Class of 2017
Despite being the descendent of a long line of farmers and spending my childhood surrounded by crop dusters and massive irrigation systems, it wasn’t until my junior year of college that I started thinking critically about agriculture and my relationship to it. It happened, oddly enough, during my semester abroad in northeast Thailand where I took a course called The Human Perspective on Development and the Environment. It was during this course, which explored food systems in both Thailand and the US, that I first began to see the many ways food production is linked to environmental and human rights issues, as well as culture, concepts of modernity, and socioeconomic inequity. Almost immediately, I knew I was discovering something big—issues so important that I needed to make them a focal point of my education going forward.
So when I returned to the University of Rochester the following spring, I did just that. In my remaining semesters of college, I was able to take three environmental humanities courses: Food, Media, and Literature; Food Justice, Urban Farming, and Social Practice; and Politics of Nature. All three were highly interactive, involving a range of field trips, hands-on projects, self reflection, and personal growth. Environmental humanities deepened my understanding of food and the environment from a social perspective, sparked my passion for urban agriculture, and ended up making an enduring impact on my life.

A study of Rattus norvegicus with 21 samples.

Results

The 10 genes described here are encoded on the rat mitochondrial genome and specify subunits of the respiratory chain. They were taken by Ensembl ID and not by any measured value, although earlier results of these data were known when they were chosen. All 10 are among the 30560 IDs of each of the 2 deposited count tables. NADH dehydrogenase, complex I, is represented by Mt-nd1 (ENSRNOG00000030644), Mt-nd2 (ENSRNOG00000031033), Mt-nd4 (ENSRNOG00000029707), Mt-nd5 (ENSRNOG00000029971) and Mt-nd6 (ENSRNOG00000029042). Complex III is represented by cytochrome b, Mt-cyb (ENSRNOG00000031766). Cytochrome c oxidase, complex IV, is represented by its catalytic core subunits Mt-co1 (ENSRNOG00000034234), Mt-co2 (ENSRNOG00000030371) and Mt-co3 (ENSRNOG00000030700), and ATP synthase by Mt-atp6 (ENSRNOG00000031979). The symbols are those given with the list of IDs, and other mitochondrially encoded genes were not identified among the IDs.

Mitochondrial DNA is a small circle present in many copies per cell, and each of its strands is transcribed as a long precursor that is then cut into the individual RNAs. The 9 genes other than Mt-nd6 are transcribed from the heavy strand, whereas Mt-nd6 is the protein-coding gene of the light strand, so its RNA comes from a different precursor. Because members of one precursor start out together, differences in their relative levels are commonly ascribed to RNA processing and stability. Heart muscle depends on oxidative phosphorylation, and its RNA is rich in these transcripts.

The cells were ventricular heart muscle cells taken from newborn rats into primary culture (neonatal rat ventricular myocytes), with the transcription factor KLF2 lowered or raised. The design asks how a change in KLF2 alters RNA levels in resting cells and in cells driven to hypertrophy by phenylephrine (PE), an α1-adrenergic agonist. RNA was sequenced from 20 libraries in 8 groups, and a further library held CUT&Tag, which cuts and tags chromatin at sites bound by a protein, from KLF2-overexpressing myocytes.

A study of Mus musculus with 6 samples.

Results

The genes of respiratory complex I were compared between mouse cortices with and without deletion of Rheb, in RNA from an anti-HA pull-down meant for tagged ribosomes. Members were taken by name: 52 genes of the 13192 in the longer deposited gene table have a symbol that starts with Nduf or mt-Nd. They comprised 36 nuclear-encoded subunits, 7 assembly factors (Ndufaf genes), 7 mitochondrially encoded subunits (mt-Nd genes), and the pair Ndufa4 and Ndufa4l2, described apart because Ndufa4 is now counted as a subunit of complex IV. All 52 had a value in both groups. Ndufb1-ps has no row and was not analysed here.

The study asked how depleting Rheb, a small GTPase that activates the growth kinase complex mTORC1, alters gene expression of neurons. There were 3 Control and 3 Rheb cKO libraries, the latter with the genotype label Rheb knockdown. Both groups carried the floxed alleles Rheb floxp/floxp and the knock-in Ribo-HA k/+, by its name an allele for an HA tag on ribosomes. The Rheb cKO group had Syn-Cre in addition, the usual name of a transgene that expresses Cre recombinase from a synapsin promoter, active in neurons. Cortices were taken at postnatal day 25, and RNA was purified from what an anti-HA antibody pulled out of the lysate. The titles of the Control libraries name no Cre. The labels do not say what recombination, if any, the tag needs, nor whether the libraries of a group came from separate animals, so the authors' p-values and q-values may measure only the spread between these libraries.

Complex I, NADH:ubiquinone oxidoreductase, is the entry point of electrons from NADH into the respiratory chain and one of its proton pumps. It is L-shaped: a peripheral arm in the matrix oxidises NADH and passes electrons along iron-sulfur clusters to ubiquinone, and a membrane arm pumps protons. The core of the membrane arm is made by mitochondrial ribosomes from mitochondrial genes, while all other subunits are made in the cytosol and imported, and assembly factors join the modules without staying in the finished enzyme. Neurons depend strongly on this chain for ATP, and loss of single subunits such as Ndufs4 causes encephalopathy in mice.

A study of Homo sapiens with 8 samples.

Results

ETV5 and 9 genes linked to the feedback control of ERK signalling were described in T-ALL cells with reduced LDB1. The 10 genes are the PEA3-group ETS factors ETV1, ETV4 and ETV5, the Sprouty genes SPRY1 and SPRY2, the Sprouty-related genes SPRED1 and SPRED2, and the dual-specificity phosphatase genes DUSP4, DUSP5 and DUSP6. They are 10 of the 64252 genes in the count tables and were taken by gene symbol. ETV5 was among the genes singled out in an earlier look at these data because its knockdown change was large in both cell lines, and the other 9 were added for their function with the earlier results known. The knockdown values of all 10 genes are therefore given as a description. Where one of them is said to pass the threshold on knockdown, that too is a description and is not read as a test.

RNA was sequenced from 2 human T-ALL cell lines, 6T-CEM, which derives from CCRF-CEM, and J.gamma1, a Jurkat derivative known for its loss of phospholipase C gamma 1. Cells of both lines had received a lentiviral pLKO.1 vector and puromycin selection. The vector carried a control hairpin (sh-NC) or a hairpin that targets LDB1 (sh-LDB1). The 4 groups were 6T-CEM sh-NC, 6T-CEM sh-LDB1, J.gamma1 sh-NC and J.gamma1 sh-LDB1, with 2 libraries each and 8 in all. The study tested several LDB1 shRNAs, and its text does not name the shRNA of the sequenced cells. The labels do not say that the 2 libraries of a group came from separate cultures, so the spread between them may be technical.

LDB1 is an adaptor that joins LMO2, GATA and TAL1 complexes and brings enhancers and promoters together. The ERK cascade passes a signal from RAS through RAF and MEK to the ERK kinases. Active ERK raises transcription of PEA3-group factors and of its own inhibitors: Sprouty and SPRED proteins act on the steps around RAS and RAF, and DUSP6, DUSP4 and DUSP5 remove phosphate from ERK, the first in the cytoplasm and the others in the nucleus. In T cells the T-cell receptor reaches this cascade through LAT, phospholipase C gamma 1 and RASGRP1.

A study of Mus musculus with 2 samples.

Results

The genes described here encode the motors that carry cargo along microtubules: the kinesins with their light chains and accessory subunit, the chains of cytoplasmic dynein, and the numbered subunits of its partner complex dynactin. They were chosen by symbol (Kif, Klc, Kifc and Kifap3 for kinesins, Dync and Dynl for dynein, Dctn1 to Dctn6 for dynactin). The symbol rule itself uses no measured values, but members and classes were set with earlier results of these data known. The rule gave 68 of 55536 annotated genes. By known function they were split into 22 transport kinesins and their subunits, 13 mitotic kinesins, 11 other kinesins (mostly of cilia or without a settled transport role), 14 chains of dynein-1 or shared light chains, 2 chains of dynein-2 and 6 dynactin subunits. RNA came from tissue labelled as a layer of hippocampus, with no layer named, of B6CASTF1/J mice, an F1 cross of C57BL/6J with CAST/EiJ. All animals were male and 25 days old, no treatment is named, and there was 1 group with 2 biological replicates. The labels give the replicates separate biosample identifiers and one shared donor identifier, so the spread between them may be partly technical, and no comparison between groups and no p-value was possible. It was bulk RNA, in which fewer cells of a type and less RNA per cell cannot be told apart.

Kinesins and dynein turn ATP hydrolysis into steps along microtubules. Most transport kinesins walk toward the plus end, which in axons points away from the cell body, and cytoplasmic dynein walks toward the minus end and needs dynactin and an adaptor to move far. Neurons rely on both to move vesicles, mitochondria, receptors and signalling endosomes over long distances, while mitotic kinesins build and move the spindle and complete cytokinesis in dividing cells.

After graduating, I joined AmeriCorps and was placed at the MK Gandhi Institute for Nonviolence, a local Rochester nonprofit that just so happened to be where the urban farming component of my food justice course took place. My arrival coincided with a shift in management of the Institute’s urban ag activities, and I quickly volunteered to be the new co-manager of the garden (which includes over 20 beds, a fruit orchard, and a greenhouse).
Our garden is situated in the Plymouth-Exchange neighborhood, one of Rochester’s many food deserts, where some of the harshest consequences of our nation’s food system are apparent. Not only are our neighbors disconnected from the food production process in the way most Americans are, but they also lack access to fresh, affordable, culturally-viable produce in a way that wealthier, whiter communities in Rochester do not. At the Gandhi Institute, it’s our goal to do what we can to correct both of these system failings.
Environmental humanities taught me that our current food system is environmentally destructive, inefficient, and robs many of us of the agency to determine how we fuel our bodies. Today, I’m lucky enough to have a job where I get to draw from my environmental humanities education on a regular basis and help others connect to food, reflect on their relationship to the food system, and hopefully take those first important steps in challenging it.